Another Ontario Catholic school district is fighting to keep GSA's out of their schools. This was their solution:
A Mississauga high school principal faces the ire of students after she drew an umbrella on a blackboard at the launch of their first gay-straight alliance group meeting.
Leanne Iskander, one of the founders of the St. Joseph's Secondary School group, said she was shocked the principal drew an umbrella to symbolize their GSA would have to be a part of an all-encompassing equity group.
"I know so many of the students were mad, but they didn't say anything because it was intimidating have the principal there," Ms. Iskander said Tuesday. "I think the meeting would have gone better if she hadn't been there."
The principal says that the GSA has to be about diversity and inclusion of everyone, from a Catholic perspective. Their right, a lot of Americans would say.
The thing is, Catholic schools in Ontario are publicly funded, a remnant of the tense relationship between Catholics and Protestants a few decades ago. In that light, though, one wonders what the hold-up is, why haven't Mississauga and Halton school districts just been forced to let GSA's meet on campus?
The thing is, the problem isn't even that simple in the US. I've blogged before about how conservative Christian universities that receive public funding (all colleges and universities in the US do except for Grove City College in Pennsylvania) but still ban queer students from meeting on campus and force students to sign oaths where they promise not to be gay. While federal law prohibits any school that receives public funding from discriminating along the lines of race and gender, sexual orientation and gender identity aren't held to the same standard. So colleges are free to go about psychologically torturing queer students who were are there either because of parental pressure or they made a decision at 18 that didn't take into account what they'd know about themselves by 22.
At the high school level, the Supreme Court has allowed public funds to go to private, religious schools in cases involving school voucher programs and AmeriCorps grants. Not that there's any tension there when it comes to queer students; as with universities, there is no law prohibiting LGBT discrimination when it comes to high schools that receive public funding.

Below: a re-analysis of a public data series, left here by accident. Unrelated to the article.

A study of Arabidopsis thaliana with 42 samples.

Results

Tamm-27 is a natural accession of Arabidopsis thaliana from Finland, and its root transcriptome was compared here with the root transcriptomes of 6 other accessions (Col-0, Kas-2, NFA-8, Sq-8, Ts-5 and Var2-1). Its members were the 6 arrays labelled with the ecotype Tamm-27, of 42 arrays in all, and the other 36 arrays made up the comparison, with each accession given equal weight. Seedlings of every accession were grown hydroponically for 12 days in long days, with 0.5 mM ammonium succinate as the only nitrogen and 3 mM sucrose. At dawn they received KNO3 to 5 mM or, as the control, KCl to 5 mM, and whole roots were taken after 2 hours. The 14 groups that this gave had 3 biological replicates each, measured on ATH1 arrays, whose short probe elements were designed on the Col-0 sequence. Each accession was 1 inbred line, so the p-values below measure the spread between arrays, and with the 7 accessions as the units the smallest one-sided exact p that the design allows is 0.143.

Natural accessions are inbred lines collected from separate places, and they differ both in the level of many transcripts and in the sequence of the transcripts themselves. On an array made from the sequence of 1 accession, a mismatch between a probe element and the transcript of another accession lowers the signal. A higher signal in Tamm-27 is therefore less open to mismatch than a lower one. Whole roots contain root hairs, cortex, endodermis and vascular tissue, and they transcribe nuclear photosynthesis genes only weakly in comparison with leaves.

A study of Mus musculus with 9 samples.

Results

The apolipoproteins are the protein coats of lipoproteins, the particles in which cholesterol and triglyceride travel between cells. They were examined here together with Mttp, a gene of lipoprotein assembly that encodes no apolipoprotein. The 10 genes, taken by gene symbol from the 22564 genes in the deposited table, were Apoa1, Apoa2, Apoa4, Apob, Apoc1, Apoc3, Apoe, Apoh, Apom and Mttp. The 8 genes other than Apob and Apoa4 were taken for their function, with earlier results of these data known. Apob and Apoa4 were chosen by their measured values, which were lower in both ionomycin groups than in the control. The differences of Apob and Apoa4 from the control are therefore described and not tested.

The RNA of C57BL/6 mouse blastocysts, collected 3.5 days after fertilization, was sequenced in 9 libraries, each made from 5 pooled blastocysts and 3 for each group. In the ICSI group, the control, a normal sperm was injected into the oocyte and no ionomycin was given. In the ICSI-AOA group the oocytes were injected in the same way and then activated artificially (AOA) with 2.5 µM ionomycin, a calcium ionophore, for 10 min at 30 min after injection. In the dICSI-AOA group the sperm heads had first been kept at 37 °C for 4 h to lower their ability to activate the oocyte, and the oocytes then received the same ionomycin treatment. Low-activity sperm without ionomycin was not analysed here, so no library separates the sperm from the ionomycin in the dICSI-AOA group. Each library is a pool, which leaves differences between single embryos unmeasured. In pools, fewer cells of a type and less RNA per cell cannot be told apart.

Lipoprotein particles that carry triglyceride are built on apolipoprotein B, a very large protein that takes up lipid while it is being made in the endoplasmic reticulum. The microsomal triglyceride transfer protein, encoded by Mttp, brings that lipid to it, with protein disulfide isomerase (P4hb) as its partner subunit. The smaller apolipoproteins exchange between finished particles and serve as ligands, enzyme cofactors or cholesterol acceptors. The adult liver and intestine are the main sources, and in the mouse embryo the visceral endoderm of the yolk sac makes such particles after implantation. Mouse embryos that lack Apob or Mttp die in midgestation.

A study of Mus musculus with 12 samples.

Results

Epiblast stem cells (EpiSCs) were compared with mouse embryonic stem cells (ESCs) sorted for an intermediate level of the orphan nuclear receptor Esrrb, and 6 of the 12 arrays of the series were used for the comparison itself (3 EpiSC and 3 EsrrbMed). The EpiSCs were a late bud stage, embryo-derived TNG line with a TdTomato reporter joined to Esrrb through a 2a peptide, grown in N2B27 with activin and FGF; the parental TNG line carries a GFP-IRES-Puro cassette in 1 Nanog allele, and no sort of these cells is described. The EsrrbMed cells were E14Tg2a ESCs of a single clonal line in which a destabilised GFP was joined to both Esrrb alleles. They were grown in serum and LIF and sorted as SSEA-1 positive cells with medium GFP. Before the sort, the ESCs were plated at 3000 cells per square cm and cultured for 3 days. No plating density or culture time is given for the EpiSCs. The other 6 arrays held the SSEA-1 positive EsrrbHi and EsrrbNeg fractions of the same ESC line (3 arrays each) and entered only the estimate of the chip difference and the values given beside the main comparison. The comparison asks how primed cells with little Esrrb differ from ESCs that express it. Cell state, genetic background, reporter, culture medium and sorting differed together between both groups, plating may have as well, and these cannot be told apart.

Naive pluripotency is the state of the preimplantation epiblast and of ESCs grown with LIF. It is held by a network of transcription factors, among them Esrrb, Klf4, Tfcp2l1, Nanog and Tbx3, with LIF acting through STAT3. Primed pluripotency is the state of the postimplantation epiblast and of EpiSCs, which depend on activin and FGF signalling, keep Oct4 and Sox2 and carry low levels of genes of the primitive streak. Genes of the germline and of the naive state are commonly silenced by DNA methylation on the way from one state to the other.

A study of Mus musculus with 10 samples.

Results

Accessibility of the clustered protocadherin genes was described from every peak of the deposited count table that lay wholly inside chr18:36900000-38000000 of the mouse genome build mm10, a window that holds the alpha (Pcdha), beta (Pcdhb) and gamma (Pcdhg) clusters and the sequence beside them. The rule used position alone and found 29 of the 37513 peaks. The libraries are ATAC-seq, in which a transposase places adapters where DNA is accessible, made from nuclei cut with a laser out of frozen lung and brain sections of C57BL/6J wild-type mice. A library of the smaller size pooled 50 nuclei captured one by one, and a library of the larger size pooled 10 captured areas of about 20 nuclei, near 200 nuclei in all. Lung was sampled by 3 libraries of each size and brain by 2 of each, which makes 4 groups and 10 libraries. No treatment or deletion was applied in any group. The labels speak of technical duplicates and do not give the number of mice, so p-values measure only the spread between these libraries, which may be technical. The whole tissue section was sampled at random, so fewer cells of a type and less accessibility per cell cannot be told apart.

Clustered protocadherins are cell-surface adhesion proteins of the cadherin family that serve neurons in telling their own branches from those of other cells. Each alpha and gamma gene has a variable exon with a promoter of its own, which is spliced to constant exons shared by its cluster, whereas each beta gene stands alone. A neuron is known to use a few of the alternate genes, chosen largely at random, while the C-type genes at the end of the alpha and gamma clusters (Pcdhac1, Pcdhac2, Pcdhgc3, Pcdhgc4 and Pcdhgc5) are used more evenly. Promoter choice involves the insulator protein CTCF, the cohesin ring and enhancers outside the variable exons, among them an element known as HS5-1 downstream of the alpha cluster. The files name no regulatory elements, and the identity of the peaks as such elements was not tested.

Even if Ontario's Catholic schools were 100% funded by private donors, tuition, and the Church, I'd be hesitant to say that they can do what they want when it comes to queer students. Just as we have laws that prevent parents from being too terrible to their children because it isn't a child's fault she was born to abusive parents, a school shouldn't be allowed free reign in treating queer students differently from other students because most students there didn't choose the school themselves.
More importantly, private schools are replacing, not supplementing, a public function, and therefore should be held to some basic standards. It's not like Catholic schools provide an hour-long after school program; they become the center of their students' lives. With that power comes responsibility, and trying to get students to change their sexual orientation (through ex-gay propaganda, oaths, punishments, or even preventing them from discussing queer issues) is irresponsible. Neither the US nor Canada would fall into ruin if religious schools didn't exist, and the burden should be on them to prove why they should have control over students' lives, not on the students to prove why they should be allowed to live their lives.
And, of course, the heart of this debate is jingoism. While conservative Christians cheer every time more money is sent to their schools and Catholics in Ontario have made the two-tier schools system an untouchable issue for politicians, if vouchers go to Islamic schools... whoa nelly!
But that's just it when it comes to this debate. I've blogged about how obvious the British are in their hemming and hawing about Christian homophobia while they're very quick to denounce Muslim and secular homophobia. When it's a Christian who hates gays, suddenly it's a moral stance, it's because of their beliefs, it's a deeply held conviction, all of which are non-arguments that basically say that accommodations are to be made for Christians because people don't really believe queer people deserve a fair shot.